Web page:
Redevelopment plan clears hurdle
County commissioners Thursday approved the county’s draft Redevelopment Plan and its proposed Redevelopment Area 1, a 1,000-acre district distilled from an original evaluation area that encompassed nearly 5,200 acres.
Redevelopment Area 1 includes acreage along the western Highway 395 corridor in the north county near the Carson City border – the so-called commercial area. It also includes portions of the Ridgeview subdivision, Genoa and two other commercial tracts along the western edge of the Carson Valley at the edge of the Sierra: part of Walley’s Hot Springs and a portion of the Little Mondeaux proposed development at the Northern Nevada Golf Club near Jacks Valley.
All are areas that county redevelopment consultants say would benefit from having water and sewer hookups, roads and drainage improvements. The idea is to improve commercially-zoned areas which, with infrastructure, would develop and pay for their own development and help finance improvements in residential areas, and would eventually provide added income to the county as a whole.
While the county commission’s vote was unanimous, it is possible the planning commission’s close, simple majority vote of 3-2 to recommend the draft plan to officials was more representative of uncertainties residents have about the complex issue.
n School district concerns. In particular, the Douglas County School District has voiced concerns about losing future revenue to redevelopment.
School officials say they are worried about losing the district’s share of any increases in assessed property tax valuation, called tax increment, if the properties in the redevelopment area are developed and become more valuable.
The reason is that the redevelopment agency would capture such increases in property tax revenues, holding the district’s share at 1998 levels. Any tax money gained from the increased values of redeveloped properties must, by law, be used to pay off state and federal loans used to fund the redevelopment improvements. When the improvements are paid off, the additional tax money reverts to the county entities and that particular redevelopment agency sunsets.
The Douglas County School District Board of Trustees Tuesday voted to formally protest the redevelopment plan.
Currently, the school district has 40 percent of the county’s property tax pot. In 10 years, when the school bond is retired, the district’s portion drops to 30 percent.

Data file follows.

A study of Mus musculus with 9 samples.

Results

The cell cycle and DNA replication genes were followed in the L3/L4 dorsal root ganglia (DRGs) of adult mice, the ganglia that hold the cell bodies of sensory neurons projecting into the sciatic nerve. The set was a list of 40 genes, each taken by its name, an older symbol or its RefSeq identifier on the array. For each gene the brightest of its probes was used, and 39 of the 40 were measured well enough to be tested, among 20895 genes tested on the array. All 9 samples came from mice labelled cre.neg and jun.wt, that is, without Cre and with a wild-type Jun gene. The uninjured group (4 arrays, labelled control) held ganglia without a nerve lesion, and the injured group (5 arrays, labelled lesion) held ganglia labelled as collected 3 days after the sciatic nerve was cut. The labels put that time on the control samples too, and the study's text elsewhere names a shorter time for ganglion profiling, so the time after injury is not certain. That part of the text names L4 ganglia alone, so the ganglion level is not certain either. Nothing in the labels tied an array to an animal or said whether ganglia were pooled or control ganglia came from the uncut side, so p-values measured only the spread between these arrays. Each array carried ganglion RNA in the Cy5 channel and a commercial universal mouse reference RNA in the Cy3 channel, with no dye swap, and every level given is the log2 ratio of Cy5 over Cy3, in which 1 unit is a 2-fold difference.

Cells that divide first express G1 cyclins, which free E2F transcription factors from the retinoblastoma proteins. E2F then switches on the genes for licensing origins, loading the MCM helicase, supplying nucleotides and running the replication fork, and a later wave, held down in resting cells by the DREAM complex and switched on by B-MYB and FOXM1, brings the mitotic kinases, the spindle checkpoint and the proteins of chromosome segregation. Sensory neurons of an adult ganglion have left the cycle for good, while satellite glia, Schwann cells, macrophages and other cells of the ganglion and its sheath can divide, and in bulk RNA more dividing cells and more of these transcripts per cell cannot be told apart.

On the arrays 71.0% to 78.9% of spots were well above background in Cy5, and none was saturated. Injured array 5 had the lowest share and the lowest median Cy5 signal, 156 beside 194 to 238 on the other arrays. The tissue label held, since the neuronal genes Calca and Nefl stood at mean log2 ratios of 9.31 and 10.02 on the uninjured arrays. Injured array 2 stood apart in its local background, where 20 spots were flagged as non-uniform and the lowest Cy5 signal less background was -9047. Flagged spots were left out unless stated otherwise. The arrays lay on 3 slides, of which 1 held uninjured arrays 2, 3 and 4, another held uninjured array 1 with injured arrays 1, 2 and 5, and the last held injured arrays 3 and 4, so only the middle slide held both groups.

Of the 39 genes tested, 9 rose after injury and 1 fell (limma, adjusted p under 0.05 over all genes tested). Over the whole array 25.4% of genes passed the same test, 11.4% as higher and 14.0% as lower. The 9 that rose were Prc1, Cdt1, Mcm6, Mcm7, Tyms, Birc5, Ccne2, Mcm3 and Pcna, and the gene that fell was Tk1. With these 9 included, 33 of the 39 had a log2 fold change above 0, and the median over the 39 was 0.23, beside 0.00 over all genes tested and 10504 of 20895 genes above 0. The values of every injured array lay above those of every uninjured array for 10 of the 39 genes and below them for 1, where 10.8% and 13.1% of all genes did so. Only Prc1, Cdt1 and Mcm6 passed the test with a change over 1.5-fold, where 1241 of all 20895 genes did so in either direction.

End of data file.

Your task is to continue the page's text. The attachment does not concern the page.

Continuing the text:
And, although Redevelopment Area 1 properties make up only about 1 percent of the county’s total assessed land, Rick Kester, the school district’s financial officer, said that if development occurs as expected in the redevelopment area, the district could lose up to $10 million over the 30-year life span of the program.
n County response. Proponents of redevelopment question if 30 (or even 40) percent of the tax increment on 1 percent of the county’s property taxes would make that much difference to the district. Recent county calculations suggest the school district’s possible losses might be as low as $2.1 million.
“We really don’t know what’s going to happen in the future,” the county’s planning and economic development manager, John Doughty, said Wednesday. “It’s likely to cost them (the school district) something somewhere in between. We do know there are needs in the community as important as the (school) district’s and that if they are addressed, it will ultimately benefit them and the county as a whole.”
Doughty said that commercial development at the Carson City border would probably have little impact on the school district, whichever side of the county line it occurs on.
“But if development happens on the Carson City side of the line, as is anticipated without redevelopment, the county and the district will have all of the impacts and none of the benefits,” he said.
n In Clark County. Those arguments were countered Friday by Mike Alastuey, deputy city manager for the city of Las Vegas and formerly the Clark County School District’s assistant superintendent for finance. Clark County has redevelopment areas in the cities of Las Vegas, Henderson and Mesquite.
“You can make arguments on both sides,” Alastuey said in a telephone interview Friday. “But basically, no. The school district here hasn’t benefited at all from redevelopment. If anything, it’s suffered along with other local government entities that preexisted redevelopment and had growth money stripped away.”
School officials also argue that state lawmakers never intended for the school district’s property tax revenue to be used to pay for infrastructure for development. And, they say, since redevelopment has the potential to drive up overall property taxes in the county, it could make it more difficult for the district to pass school bonds.
n Schools protected. Doughty, who said he would likely make the same arguments the district is making if he were working for it rather than the county, said the school’s bonding capacity, which is protected by state law, would improve if property values increased.
“The projects we’re looking to drive directly influence the kinds of income we’re looking to gain,” Doughty said. “My point is that the school district’s assumptions may be off – particularly, that the development scenario will occur at 100 percent of the most optimistic projections. This is simply a decision by the county to reroute a very small portion of the property tax to work on some issues that affect all of Douglas County.
“We’d like to see the state Legislature create a provision to allow the commissioners, as the redevelopment agency, to do (revenue) pass-throughs to other government entities if they need it.”